F THE NATURE AND STATE OF MAN WITH RESPECT TO THE UNIVERSE.-Of Man, in the abstract. That we can judge only with regard to our own system, being ignorant of the relations of systems and things. That man is not to be deemed imperfect-as he came from the hand of the Creatorbut a being suited to his place and rank in the creation, agreeable to the general order of things, and conformable to ends and relations to him unknown. That it is partly upon his ignorance of future

events, and partly upon the hope of a future state, that all his happiness in the present depends. The pride of aiming at more knowledge, and pretending to more perfection, the cause of man's error and misery. The impiety of putting himself in the place of God, and judging of the fitness or unfitness, perfection or imperfection, justice or injustice, of his dispensations. The absurdity of conceiting himself the final cause of the creation, or expecting that perfection in the moral world which is not in the natural. The unreasonableness of his complaints against Providence, while on the one hand he demands the perfections of the angels, on the other the bodily qualifications of the brutes. That to possess any of the sensitive faculties in a higher degree would render him miserable. That throughout the whole visible world a universal order and gradation in the sensual and mental faculties is observed, which causes a subordination of creature to creature, and of all creatures to man. The gradations of sense, instinct, thought, reflection, reason; that reason alone countervails all the other faculties-save the spiritual. How much farther this order and subordination of living creatures may extend above and below us; wepe any part of which broken, not that part only, but the whole connected creation must be destroyed. The extravagance, madness, and pride of such a desire. The consequence of all, the absolute submission due to Providence, both as to our present and future state.



WAKE, my ST. JOHN! leave all meaner things
To low ambition and the pride of kings;
Let us (since life can little more supply
Than just to look about us and to die)

Expatiate free o'er all this scene of man,
A mighty maze! but not without a plan;
A wild, where weeds and flowers promiscuous shoot;
Or garden, tempting with forbidden fruit;
Together let us beat this ample field,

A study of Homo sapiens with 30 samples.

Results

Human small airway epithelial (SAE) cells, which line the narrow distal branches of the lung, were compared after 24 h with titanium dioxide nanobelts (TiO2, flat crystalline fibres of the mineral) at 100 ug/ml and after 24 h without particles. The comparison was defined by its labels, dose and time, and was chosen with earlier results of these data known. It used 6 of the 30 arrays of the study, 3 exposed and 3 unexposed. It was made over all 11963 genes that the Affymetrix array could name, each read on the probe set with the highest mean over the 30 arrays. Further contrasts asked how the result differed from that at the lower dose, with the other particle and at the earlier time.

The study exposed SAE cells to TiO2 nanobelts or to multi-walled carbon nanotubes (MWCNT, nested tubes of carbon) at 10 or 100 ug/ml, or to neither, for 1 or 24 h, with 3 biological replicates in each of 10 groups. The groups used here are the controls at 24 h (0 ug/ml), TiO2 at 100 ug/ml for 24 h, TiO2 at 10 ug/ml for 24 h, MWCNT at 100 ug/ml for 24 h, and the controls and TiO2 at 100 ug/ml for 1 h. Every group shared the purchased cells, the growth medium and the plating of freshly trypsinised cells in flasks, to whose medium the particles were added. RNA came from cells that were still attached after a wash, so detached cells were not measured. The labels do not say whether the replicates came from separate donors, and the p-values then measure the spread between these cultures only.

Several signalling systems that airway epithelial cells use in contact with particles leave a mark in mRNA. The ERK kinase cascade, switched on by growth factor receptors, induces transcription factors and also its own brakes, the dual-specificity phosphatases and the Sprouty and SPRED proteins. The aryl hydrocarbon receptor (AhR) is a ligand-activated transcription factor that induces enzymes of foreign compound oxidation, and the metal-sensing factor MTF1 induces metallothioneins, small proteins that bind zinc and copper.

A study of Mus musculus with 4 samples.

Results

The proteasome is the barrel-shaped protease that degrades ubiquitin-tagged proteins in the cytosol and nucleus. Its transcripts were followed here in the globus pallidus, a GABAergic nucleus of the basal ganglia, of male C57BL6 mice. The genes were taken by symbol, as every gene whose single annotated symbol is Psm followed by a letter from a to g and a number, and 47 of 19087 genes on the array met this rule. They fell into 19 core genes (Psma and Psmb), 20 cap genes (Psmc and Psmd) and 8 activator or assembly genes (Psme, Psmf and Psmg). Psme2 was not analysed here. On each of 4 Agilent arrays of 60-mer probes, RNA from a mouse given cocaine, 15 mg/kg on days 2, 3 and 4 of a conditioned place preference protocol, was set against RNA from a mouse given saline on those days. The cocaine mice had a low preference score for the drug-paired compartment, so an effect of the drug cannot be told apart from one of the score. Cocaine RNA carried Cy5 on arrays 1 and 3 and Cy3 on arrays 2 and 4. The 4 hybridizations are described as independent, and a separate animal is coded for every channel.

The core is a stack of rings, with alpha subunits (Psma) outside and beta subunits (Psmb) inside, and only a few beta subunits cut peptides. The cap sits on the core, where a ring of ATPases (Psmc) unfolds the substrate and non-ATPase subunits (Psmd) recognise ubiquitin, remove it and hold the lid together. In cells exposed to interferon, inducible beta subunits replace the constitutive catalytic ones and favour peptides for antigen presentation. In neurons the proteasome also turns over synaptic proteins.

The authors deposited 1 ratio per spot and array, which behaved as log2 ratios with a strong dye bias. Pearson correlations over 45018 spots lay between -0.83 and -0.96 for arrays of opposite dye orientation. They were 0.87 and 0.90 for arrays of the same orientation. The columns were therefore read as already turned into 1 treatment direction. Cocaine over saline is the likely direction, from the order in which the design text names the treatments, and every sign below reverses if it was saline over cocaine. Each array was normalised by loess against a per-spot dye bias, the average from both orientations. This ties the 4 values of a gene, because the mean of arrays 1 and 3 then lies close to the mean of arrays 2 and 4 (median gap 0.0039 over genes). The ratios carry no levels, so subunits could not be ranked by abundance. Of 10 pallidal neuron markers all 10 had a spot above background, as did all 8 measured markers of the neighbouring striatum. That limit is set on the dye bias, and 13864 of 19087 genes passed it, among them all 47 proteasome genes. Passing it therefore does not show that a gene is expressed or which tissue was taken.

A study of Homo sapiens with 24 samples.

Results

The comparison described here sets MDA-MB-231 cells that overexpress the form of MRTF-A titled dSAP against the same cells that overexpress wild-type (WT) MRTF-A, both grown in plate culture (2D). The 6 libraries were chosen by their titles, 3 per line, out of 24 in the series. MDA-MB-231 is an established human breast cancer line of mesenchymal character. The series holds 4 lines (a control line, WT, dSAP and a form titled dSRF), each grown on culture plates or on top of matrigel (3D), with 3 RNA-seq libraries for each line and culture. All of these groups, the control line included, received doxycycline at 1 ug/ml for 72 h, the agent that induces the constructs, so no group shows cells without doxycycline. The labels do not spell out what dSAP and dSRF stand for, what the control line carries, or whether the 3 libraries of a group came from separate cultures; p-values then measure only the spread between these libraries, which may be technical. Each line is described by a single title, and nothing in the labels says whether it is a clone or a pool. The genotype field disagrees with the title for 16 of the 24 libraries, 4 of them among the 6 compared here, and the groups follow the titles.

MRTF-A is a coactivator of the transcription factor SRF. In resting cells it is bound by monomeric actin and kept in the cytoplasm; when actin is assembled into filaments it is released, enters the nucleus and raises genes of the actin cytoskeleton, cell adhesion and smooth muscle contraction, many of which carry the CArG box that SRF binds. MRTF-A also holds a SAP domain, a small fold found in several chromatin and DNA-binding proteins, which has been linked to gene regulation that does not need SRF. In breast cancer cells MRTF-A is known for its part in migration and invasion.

Try what the open, what the covert yield;
The latent tracts, the giddy heights, explore,
Of all who blindly creep or sightless soar;
Eye nature's walks, shoot folly as it flies,
And catch the manners living as they rise;
Laugh where we must, be candid where we can,
But vindicate the ways of God to man.


I. Say first, of God above, or man below,
What can we reason but from what we know?
Of man, what see we but his station here,
From which to reason, or to which refer?
Through worlds unnumber'd though the God be known,
'Tis ours to trace him only in our own.

He who through vast immensity can pierce,
See worlds on worlds compose one universe,
Observe how system into system runs,

What other planets circle other suns,

* That is, to put man in right relations with the laws of life, health, and happiness.

See Spurzheim's "Natural Laws of Man" for an elaboration of this thought.


What varied being peoples every star,
May tell why Heaven has made us as we are.
But of this frame, the bearings and the ties,
The strong connections, nice dependencies,
Gradations just, has thy pervading soul
Look'd through? Or can a part contain the whole?
Is the great chain that draws all to agree,
And drawn supports, upheld by God, or thee?

II. Presumptuous man! the reason wouldst thou find,
Why form'd so weak, so little, and so blind?
First, if thou canst, the harder reason guess,
Why form'd no weaker, blinder, and no less?
Ask of thy mother earth, why oaks are made
Taller or stronger than the weeds they shade?
Or ask of yonder argent fields above,
Why Jove's satellites are less than Jove.

Of systems possible, if 'tis confest,
That wisdom infinite must form the best,
Where all must fall or not coherent be,
And all that rises, rise in due degree;
Then, in the scale of reasoning life 'tis plain,
There must be, somewhere, such a rank as man;
And all the question (wrangle e'er so long)
Is only this, if God has placed him wrong?
Respecting man, whatever wrong we call,
May, must be right, as relative to all.*

In human works, though labored on with pain,
A thousand movements scarce one purpose gain;

In God's, one single can its end produce,
Yet serves to second, too, some other use.
So man, who here seems principal alone,
Perhaps acts second to some sphere unknown,
Touches some wheel or verges to some goal;
'Tis but a part we see, and not a whole.

When the proud steed shall know why man restrains
His fiery course, or drives him o'er the plains;

When the dull ox, why now he breaks the clod,
Now wears a garland, an Egyptian god;


* In other words, man was made to fill a certain sphere on earth-was made just as God intended him to be, with all the faculties and functions necessary for his use in perpetuating his race. But man has “fallen," become “perverted;" has violated the laws of his being, and, by dissipation, crime, and disease, is not permitted to "live out half his days." God made him man. He becomes, by his own perversity, what he most assuredly is, a miserable sinner in more ways than one.